1 & 2 Kings - God's Response to Repentance

Why did God give us 1 & 2 Kings?

So we would see God’s patience as he pleads with his people to repent, his mercy when they do repent, and his wrath towards sin when they refuse to repent.


The books of 1 and 2 Samuel showed Israel changing from a divided Kingdom at war with itself, to a united Kingdom under King David—God even promises that David’s family will always rule Israel, so there is stability and hope of future blessing. But tragically, the books of 1 and 2 Kings show that united Kingdom crumble into two warring kingdoms, both of which are plagued with idolatry.

David’s son Solomon builds the temple of the Lord, and God blesses his reign. But in his prosperity, he began to break God’s laws. At the end of his life he worshiped foreign gods. His son Rehoboam tried to rule with a heavy hand, so the ten northern tribes rejected his rule and split the kingdom in two. Nevertheless, because of God’s promises to David, he allows Rehoboam to rule two tribes in the south.

God sent a prophet to anoint a King in the north, and God promised to bless him if he remained faithful to the Lord; but that king was afraid his people would eventually reject him if they worshipped at Solomon’s temple in the southern kingdom—so he set up an idol for the people to worship instead. This idolatry led to the destruction of Israel. The northern kingdom never had a godly king. Many prophets like Elijah and Elisha warn them of God’s judgment if they do not repent; but they never turn to the Lord, and so God sends the Kingdom of Assyria to conquer them in 722 B.C. The northern tribes never return from their exile.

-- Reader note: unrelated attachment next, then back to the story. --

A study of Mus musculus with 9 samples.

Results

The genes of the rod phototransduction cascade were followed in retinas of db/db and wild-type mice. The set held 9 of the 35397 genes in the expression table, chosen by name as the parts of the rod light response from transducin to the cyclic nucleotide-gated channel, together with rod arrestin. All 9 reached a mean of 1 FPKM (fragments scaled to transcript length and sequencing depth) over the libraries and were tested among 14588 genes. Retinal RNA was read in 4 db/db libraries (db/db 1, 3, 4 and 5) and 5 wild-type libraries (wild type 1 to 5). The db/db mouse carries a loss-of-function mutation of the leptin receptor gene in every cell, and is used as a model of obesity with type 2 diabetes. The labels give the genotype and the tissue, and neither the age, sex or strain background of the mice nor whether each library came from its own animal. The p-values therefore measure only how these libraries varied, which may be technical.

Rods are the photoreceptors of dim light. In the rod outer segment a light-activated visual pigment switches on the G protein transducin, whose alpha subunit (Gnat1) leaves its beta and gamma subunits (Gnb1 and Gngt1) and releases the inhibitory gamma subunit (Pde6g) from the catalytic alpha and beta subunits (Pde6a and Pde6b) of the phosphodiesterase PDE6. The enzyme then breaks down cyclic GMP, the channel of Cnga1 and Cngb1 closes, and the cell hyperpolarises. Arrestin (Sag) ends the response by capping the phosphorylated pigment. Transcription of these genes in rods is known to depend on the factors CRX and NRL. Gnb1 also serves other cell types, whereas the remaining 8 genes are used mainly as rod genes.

The Southern Kingdom of Judah has a few godly Kings, but most of their Kings also worshipped foreign idols. God sent prophets like Isaiah and Jeremiah to warn his people and some of them do listen. There are a few revivals where God’s people repent of their sins and experience his blessings. But after one evil king sacrifices his own sons to false gods, God says his judgment is inevitable. In 586 B.C., Babylon comes and destroys Jerusalem, demolishes the temple and carries the king and his people into exile.

As 2 Kings ends, we wonder, is God going to break his promise to David? Is there any hope that the blessings promised to Abraham will be fulfilled? Psalm 89 records the desperate cry of God’s broken people: “How long, O Lord? Will you hide yourself forever?” (ESV). It’s helpful to read the sad cries of God’s people—even those who trusted God had to live through evil days. When our hearts are afraid, we can voice their prayers, and know God has been with his people in dark times before.

There is hope. God never breaks his promises.